Saturday, August 17, 2013

Day 6, Seward Highway remix

Anchorage weather: High 65, low 53, Mostly cloudy, with scattered showers
Steps walked: Shaun - 6,902 steps, 11 floors climbed; Shannon - 5,550 steps, 11 floors climbed
Critter count: lots if you count the wildlife refuge we visited...if not, then some duckies, 2 eagles, 2 swans, and a bunch of magpies

Our return trip to Anchorage was much less picturesque than the journey down the Kenai Peninsula. It was raining, with lots of low clouds and chilly air. We spent the morning at the B&B packing our boxes of goodies to ship home and our suitcases. We bid adieu to the Grouchy Old Woman and started our trek back to Anchorage by stopping at the post office. 61 pounds lighter (combined weight of the two boxes, and it only cost a bit over $80 to send them both!), we began our journey in earnest. 

(the perfect illustration of "you can choose your friends, but you can't choose your family")

Because of the weather, Miss Paparazza didn't pull off the road every mile to take pictures, so we actually made good time. We arrived at the Alaska Wildlife Conservation Center at the tip of Turnagain Arm by 4:30 and had plenty of time to spend with the animals. We had wanted to stop there on our way down the peninsula but ran out of time, so it was really a priority on our way back up.

The wildlife refuge is located on land that used to be the town of Portage. When the 1964 earthquake hit, the ground level dropped 10 to 12 feet, and the area was flooded with sea water coming in during the high tides on the Cook Inlet. The remnants of the trees that were killed by the salt water and abandoned buildings remain and are actually quite eerie, with the fog and clouds and encircling mountains adding to the haunting atmosphere. 

Surrounded by all this are animals of all shapes and sizes. The Alaska Wildlife Conservation Center takes in Alaskan animals that have been injured or abandoned, nurses them back to health, and either returns them to the wild or makes arrangements for their longterm care. They have moose, caribou, and elk, musk oxen (including a baby!) and wood bison, a red fox and two lynx, an owl and an eagle, black bears and brown bears, and a porcupine (and a partridge in a pear tree). Please note that Shaun did not try to off the porcupine to get $50 from the woman in Talkeetna. Just so you know.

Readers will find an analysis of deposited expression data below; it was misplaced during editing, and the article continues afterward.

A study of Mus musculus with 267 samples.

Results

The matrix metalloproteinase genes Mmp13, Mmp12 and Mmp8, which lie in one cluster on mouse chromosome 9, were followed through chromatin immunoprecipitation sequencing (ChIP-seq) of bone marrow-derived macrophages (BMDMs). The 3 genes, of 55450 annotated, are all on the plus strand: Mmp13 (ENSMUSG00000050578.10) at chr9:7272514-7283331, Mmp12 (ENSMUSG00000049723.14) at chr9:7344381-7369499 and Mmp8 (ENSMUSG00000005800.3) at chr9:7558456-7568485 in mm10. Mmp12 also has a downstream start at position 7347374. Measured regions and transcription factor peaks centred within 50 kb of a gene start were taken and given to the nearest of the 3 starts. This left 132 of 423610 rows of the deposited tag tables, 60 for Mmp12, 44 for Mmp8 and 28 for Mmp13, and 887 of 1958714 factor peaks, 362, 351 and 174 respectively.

Shaun communed with the bull moose, who was eating about 6 feet from the fence, and we were able to watch them feeding the three brown bears (salmon and nectarines today - not a bad meal). A lot of the animals were sleeping or hanging out in their houses to get out of the rain, but there were still plenty to see. The AWCC is working hard to revitalize the wood bison population, once thought to be extinct, and there were four different groups of these bison around the park. Despite the rain, they were frolicking and playing with one another. All in all, the refuge was a great stop, and we finally got to see some bears in Alaska.

The rest of the trip back to Anchorage was uneventful, and we arrived back at the Wildflower Inn in time to eat leftovers for dinner, do laundry, and return the rental car. We will have to be up very early tomorrow morning to be on the 8:15am train bound for Denali National Park.